What is and how works e-coating?
What Is E-coating?
E-coating (electrocoating, electrophoretic deposition) is an immersion wet paint finishing process using electrical current to attract the paint particles suspended in a bath to the metal surface, in the context of microchannel heat exchangers – to aluminum.
Prior to paint application, the pretreatment process includes cleaning heat exchangers from oils and contaminants. The pretreatment process is necessary to improve electrocoat performance, ensure a high-quality finish, and keep the paint bath clean of unwanted contaminants. Zinc phosphate is the preferred pretreatment choice as it provides the best corrosion resistance and paint adhesion.
The paint adheres electrostatically to the aluminum surface through electrophoresis. It results in a uniform film of paint, as the process is self-limiting and slows down as the build-up of applied paint electrically insulates the part from the bath.
The system is cathodic: heat exchangers are negatively charged to attract the positively charged paint particles. Paint solids deposit initially in the surfaces closest to the counter electrode, and as these surfaces become insulated to current, solids are deposited in further bare aluminum surfaces providing complete coverage (throwing power phenomenon). When it comes to microchannel heat exchangers, especially ones with louvered fins, enough current should be applied to drive paint particles to omit voids within the interior of the fins. At the same time, overcurrent may lead to fin bridging with excessive paint. Thus, DC-rectifier voltage should be precisely controlled to ensure the exact amount of paint will be deposited onto the heat exchanger surface.
In anodic electrocoating, where the part to be coated is the anode with a positive electrical charge, a small number of metal ions can migrate away from the part and into the paint film, contaminating it and limiting the anti-corrosive properties of the coating. Anodic coatings are economical and allow for a lower cure temperature.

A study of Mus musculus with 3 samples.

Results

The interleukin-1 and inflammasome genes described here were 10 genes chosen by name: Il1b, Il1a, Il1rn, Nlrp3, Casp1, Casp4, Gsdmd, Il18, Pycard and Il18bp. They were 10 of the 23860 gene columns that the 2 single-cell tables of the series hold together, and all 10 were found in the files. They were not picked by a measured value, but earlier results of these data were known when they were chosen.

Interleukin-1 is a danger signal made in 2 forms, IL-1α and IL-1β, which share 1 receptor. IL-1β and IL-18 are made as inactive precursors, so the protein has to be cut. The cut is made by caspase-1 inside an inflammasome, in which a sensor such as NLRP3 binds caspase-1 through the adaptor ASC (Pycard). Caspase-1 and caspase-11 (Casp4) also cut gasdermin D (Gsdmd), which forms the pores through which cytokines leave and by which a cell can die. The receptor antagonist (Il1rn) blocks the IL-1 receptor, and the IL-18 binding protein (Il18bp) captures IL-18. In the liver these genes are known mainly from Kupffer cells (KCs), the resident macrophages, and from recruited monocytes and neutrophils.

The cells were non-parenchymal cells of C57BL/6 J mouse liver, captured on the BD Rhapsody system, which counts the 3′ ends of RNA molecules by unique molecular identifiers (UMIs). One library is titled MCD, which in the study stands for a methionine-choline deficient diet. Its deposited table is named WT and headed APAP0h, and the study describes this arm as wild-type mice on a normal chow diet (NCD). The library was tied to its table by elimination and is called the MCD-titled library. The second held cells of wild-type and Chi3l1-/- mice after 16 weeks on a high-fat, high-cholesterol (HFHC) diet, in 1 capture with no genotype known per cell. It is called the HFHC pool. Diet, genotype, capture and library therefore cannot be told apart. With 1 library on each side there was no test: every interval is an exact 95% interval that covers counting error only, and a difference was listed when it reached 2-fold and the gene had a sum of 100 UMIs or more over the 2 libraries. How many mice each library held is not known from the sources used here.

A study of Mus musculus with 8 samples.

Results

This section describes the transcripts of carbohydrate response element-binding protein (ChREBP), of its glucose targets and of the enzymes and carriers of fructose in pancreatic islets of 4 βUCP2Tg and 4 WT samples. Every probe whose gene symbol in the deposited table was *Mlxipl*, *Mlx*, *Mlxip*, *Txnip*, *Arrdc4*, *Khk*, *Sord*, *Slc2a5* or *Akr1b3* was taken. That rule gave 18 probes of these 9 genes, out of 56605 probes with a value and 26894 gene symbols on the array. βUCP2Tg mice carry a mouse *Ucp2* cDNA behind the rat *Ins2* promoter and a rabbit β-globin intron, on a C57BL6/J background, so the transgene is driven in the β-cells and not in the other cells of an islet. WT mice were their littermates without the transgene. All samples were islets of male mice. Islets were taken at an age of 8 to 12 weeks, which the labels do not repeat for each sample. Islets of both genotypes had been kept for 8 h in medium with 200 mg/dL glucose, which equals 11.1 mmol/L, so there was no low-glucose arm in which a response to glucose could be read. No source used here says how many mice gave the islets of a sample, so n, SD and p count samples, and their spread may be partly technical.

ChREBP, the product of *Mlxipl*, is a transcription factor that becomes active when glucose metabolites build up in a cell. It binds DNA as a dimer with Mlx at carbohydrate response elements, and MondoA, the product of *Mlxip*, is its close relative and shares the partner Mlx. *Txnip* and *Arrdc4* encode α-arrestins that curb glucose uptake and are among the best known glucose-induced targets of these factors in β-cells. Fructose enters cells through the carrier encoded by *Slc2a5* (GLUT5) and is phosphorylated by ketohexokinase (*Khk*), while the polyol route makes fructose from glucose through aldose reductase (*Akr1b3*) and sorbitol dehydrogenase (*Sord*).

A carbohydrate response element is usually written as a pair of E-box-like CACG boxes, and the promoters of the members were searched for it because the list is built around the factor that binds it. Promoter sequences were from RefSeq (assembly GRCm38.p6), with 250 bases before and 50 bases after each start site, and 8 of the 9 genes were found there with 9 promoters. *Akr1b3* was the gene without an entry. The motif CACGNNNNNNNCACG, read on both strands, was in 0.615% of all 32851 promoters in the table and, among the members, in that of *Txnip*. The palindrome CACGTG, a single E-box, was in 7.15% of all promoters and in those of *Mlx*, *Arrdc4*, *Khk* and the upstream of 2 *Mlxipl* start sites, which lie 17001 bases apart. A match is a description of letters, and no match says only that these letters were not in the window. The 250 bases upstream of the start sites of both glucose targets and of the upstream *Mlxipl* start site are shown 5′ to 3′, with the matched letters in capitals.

Post rinses, usually two or three, are necessary to remove any residual paint build-up and other loose materials. The final post-rinse stage, made of deionized water, helps to improve the appearance of an electrocoat finish.
Following post rinses, the electrocoated heat exchangers enter the bake oven to crosslink and cure the paint film, making it hard and durable to ensure maximum performance properties. End-product quality is largely dependent on the time spent in the oven and applied temperature (selected based on paint technology and varies from 80°C to 240°C).
E-coating can be done with different types of coating material. One of these is epoxy which provides superior protection against corrosion, including exceptional resistance to salts and humidity. However, epoxy electrocoatings display low resistance to UV light, thus requiring a UV-resistant topcoat to protect epoxy primer.
Compared to other types of coatings, electrocoating is not too expensive; however, the construction of e-coating lines is costly, and its maintenance is also expensive, which adds to the cost of end products. E-coating lines are set up for one paint product to run constantly. Replacement of the paint material and clean up of the line is again expensive and measured in days, so color changes of electrocoated product are next to impossible.
Summing up, e-coating offers crucial advantages for all-aluminum microchannel heat exchangers, including:
- High corrosion protection. Cathodic epoxy electrocoating with a film thickness of 20 microns withstands more than 6000 hours of salt spray test performed in accordance with ASTM B117 standard, more than 4000 hours SWAAT performed in accordance with ASTM G85 Annex A3.
- Environmental friendliness: electrocoat process produces little to no hazardous air pollutants, volatile organic compounds and is RoHS, OSHA and EPA compliant.
- Uniform, even coat and perfect aesthetic quality.
Where Is E-coating Mandatory?
Kaltra strongly recommends e-coated microchannel heat exchangers for areas with corrosivity categories C5-I (industrial areas with high humidity and aggressive environment, mass loss of aluminum between 5 and 10 g/m² after one year of exposure) and C5-M (coastal environments, off-shore installations with high salt content, aluminum mass loss more than 10 g/m²) as per ISO 12944-5:2019, as well as for C4 zones (e.g., industrial areas and coastal areas with moderate salinity, aluminum mass loss 2 to 5 g/m²).
For further reading, details of chemical resistance of e-coating, and performance test results, refer to our Protective Coatings brochure.